This section is from the book "Hill's Manual Of Social And Business Forms: A Guide To Correct Writing", by Thos. E. Hill. Also available from Amazon: Hill's Manual Of Social And Business Forms: The How-To-Do-Everything Book Of Victorian America.
WHAT is said elsewhere in this book in relation to the formation and expression of language is of general interest to all who desire to speak and write correctly, and without these instructions it is simply impossible to acquire proper methods of communicating ideas, either by tongue or pen.
While with some persons it is very easy to convey elaborate intelligence distinctly, concisely and in a pleasing manner with the voice, others again find it extremely difficult to frame a sentence of ten words and utter it in company, with any degree of comfort to themselves or benefit to others.
On the other hand, the most fluent speaker who can face a large audience and instruct and amuse his hearers in an hour's discourse, without notes, may not be able to sit down and write an essay on some other topic than that embraced in his sermon or lecture, that would interest a reader or be accepted for a magazine article.
The art of writing compositions, like that of public speaking, may be acquired by diligent study and practice, but with some persons it is a gift so natural that their ideas and sentences easily flow together and combine with such rapidity that the pen cannot give expression to them as fast as the mind conceives them. Where the ideas are brilliant with deep thought or beauty of expression, the possession of this faculty is called "genius," and fame and fortune are usually at its command.
But without genius a writer for the press or the forum may attain to such excellence of expression and methods of thought, by proper training of the natural faculties, as to rival the works of genius in positive value and interest.
Unless, however, the habit of thinking is duly cultivated by reading the works of the best authors, living and dead, and meditating upon them carefully and patiently, superior effort can scarcely be expected in a composition, either for the pulpit, the platform or the press. For thought begets thought, even in slow thinkers, and the suggestion of one author here, and of another there, will often lead to a train of thought in which few, if any, have ever before indulged. One of two things, therefore, is requisite in the construction of a successful composition - the possession of a genius, (which is no common gift), or habits of study, combined with observation in certain directions, which serve to evolve ideas from the writer's own brain and pen.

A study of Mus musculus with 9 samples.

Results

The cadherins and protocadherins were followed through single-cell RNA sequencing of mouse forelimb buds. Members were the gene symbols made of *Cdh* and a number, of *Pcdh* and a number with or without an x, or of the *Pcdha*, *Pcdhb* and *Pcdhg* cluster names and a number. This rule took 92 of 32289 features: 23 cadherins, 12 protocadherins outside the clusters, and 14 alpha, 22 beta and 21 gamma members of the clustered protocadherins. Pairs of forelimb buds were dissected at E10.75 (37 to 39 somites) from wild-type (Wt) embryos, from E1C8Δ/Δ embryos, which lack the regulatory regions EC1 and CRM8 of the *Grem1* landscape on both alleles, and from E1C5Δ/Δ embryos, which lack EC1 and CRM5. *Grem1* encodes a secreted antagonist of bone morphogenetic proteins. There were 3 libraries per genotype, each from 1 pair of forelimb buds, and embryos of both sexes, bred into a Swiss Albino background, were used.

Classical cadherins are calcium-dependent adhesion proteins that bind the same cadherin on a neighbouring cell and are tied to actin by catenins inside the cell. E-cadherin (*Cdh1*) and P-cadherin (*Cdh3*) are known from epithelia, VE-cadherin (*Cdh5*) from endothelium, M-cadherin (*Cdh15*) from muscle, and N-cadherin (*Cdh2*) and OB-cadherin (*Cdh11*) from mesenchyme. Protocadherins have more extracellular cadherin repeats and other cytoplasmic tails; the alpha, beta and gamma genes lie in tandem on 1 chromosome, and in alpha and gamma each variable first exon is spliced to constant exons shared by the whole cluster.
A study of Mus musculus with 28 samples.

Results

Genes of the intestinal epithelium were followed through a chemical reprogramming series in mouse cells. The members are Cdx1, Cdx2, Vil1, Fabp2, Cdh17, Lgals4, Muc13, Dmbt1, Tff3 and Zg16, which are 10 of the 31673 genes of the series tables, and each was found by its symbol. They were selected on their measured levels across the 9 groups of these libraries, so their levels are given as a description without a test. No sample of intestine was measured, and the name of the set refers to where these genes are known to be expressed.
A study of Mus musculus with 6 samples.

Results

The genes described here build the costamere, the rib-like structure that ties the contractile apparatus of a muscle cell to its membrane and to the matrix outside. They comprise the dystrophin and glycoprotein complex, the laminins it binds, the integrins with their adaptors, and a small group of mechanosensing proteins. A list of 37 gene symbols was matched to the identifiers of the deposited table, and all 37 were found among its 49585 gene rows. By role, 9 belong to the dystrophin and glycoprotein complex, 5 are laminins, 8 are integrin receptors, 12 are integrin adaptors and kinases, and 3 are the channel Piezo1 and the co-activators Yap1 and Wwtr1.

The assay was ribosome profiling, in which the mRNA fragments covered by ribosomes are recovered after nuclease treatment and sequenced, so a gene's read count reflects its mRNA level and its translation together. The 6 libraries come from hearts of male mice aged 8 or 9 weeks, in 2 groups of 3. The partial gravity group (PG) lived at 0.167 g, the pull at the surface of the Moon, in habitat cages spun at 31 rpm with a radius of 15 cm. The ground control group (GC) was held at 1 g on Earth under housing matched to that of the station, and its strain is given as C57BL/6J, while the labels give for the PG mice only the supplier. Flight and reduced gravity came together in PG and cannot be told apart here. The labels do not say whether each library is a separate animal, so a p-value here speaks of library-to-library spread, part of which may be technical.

Practice is a great per-fecter of the art of writing compositions. At first, the work may be irksome, but in due time, as it becomes easier, it unlocks the chambers of thought, the ideas begin to form and flow, and the task becomes a lasting pleasure.
In the schools it is a most important feature in the list of studies, and its daily exercise tends to indelibly fix upon the memory the proper spelling of words, the principles of penmanship, punctuation, grammar, sentence-building and the use of capital letters. Even if a literary or journalistic profession is not to be subsequently followed by the pupil, the art of writing a composition, learned under the guidance of an experienced teacher, may be of infinite service to the future man or woman, by inducing systematic methods of thinking.
Out of school, in leisure moments, as a recreation, the pupil will find it profitable to plan the outline of a story, or frame a description of something seen or heard, the appearance or character of some peculiar individual in the neighborhood, the natural scenery of that locality, or some remembered incident of other days or climes. This practice fits one for a sudden call to prepare an address or petition, or to draft a letter of public interest, or it might lead to the production of an elaborate literary work that would prove both valuable and famous. Many books have achieved accidental popularity.